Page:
WhatsApp: A Pivotal Flaw Could Expose Your Chat History
By Pavithra Rathinavel | March 12, 2014 6:04 PM EST
WhatsApp users should be wary when downloading Android apps, according to a Consultant from Netherlands.
According to Business Insider, if you don't pay close attention to an app's permissions before downloading and installing, your WhatsApp chat history might land in the hands of a hacker.
The application features push notifications to get messages instantly messages from friends, colleagues and family. Switch from SMS to exchange messages, pictures, audio notes and video messages with WhatsApp users for free.
Bas Bosschert, a Consultant, system admin and entrepreneur (as described in his blog), has more than 10 years of experience working with Linux and Unix. He noted how developers can deceive WhatsApp users into awarding access to their entire message history.
WhatsApp backs up messages (chat history) in your phone's SD card, so apps can easily access this information if granted permission to do so. This data can then be transferred to the developer/hacker's personal Web server.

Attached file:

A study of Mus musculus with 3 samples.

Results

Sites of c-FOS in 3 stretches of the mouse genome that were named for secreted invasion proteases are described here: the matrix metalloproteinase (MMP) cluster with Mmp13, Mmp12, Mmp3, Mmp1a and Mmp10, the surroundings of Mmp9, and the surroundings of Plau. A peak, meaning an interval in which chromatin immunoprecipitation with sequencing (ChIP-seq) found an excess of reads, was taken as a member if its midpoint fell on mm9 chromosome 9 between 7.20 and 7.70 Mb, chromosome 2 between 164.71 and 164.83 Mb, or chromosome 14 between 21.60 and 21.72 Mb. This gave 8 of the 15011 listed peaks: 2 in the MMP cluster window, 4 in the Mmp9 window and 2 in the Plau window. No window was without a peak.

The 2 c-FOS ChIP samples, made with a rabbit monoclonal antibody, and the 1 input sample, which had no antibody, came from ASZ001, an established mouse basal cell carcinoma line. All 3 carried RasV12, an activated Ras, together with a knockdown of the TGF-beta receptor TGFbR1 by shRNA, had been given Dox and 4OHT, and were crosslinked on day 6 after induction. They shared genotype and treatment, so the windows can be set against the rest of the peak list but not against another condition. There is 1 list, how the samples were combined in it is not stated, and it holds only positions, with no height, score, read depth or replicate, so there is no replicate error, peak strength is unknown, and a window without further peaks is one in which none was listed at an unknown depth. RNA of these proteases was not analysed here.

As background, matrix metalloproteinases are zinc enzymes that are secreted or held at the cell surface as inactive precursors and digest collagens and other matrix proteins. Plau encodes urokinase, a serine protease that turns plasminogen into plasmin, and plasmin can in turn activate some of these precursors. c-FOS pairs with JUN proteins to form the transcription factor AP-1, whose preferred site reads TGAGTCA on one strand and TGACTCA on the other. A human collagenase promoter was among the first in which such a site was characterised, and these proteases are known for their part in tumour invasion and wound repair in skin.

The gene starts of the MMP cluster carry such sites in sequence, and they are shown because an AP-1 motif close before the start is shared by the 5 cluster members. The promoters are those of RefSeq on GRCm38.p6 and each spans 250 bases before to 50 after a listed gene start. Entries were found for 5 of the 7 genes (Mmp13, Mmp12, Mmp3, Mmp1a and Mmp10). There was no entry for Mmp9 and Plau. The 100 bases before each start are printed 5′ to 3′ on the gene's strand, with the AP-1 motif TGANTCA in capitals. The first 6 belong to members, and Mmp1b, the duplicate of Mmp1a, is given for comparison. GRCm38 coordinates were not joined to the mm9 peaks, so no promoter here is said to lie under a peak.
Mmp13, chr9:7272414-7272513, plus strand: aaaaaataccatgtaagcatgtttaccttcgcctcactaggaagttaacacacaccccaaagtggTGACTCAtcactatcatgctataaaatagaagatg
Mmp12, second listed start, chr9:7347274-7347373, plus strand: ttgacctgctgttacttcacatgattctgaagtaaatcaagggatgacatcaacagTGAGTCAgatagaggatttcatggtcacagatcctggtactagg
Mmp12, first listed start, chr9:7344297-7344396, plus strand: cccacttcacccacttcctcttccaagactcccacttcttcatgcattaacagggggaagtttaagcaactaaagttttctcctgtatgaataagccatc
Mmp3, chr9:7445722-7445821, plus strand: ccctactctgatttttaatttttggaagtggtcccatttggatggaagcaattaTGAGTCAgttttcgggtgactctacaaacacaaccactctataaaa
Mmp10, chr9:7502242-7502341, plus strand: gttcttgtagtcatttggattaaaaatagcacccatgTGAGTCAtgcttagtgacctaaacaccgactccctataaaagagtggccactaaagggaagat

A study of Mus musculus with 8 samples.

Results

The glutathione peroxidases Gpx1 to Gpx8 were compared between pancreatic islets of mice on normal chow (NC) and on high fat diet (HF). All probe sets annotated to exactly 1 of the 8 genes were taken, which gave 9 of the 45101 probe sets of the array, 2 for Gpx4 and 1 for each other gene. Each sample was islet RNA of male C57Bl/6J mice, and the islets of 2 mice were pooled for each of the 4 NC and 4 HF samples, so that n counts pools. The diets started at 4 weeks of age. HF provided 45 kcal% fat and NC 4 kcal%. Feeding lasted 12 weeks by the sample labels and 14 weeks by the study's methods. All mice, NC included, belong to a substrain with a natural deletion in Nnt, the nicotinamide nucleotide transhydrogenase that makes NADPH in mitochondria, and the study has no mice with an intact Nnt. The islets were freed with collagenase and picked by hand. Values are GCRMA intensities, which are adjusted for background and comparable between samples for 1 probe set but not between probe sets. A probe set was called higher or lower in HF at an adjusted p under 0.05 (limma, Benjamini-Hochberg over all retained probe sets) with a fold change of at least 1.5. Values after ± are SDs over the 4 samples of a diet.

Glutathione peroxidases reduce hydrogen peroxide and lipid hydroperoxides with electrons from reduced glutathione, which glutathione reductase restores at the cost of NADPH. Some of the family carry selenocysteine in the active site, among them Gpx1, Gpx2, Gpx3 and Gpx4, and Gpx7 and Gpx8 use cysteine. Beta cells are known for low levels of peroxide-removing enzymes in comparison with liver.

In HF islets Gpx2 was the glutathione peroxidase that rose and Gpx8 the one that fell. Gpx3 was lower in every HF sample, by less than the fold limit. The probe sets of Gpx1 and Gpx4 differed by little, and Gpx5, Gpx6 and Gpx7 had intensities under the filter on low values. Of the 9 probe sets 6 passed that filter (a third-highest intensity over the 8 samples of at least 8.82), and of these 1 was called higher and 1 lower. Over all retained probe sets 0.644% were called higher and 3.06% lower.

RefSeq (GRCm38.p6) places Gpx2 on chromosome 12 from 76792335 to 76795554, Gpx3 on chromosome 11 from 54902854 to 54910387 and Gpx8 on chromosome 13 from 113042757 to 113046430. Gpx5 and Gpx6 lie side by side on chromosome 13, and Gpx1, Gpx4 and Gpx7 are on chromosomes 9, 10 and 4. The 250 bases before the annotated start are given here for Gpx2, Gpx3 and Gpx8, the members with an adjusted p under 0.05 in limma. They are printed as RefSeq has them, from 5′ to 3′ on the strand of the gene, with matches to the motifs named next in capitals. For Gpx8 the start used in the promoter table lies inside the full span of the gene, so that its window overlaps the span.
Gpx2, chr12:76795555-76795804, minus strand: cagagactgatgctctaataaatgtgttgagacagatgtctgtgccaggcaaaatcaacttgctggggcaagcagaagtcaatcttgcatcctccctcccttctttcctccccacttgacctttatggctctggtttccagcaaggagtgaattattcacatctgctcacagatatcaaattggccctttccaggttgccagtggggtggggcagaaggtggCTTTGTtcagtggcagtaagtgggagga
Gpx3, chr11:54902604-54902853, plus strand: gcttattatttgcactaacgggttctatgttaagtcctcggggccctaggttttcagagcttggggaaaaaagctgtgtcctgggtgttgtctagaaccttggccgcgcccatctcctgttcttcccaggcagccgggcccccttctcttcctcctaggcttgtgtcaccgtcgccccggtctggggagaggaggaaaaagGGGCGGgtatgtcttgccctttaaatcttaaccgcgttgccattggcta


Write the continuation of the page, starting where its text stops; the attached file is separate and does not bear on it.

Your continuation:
His blog post elaborated how to create such apps. It also held a couple of screenshots to clarify the questions and doubts. He alleged anyone using his code (as described in his screenshots) on an Android game/app should extract WhatsApp user's chat history.
The user will not know that his data is being extracted. He can only see a loading screen when the game is started.
From the time Facebook acquired WhatsApp, we have been hearing more news pertaining to the security of WhatsApp messages. In the previous month, there was a WhatsApp outage, where users could not log into the application for hours. Later, WhatsApp cited a Network Issue as the reason for the cited outage.
Thijs Alkemade, a student at Utrecht University in the Netherlands said, WhatsApps' incoming and outgoing messages were encrypted with the "same key." This means if an attacker intercepts these messages, he or she can analyze them to cancel out the key and recover the plain text, according to Business Insider.
The easiest way to avoid any security violation is by asserting an app's source and paying close attention to the app's permissions and policies before downloading and installing.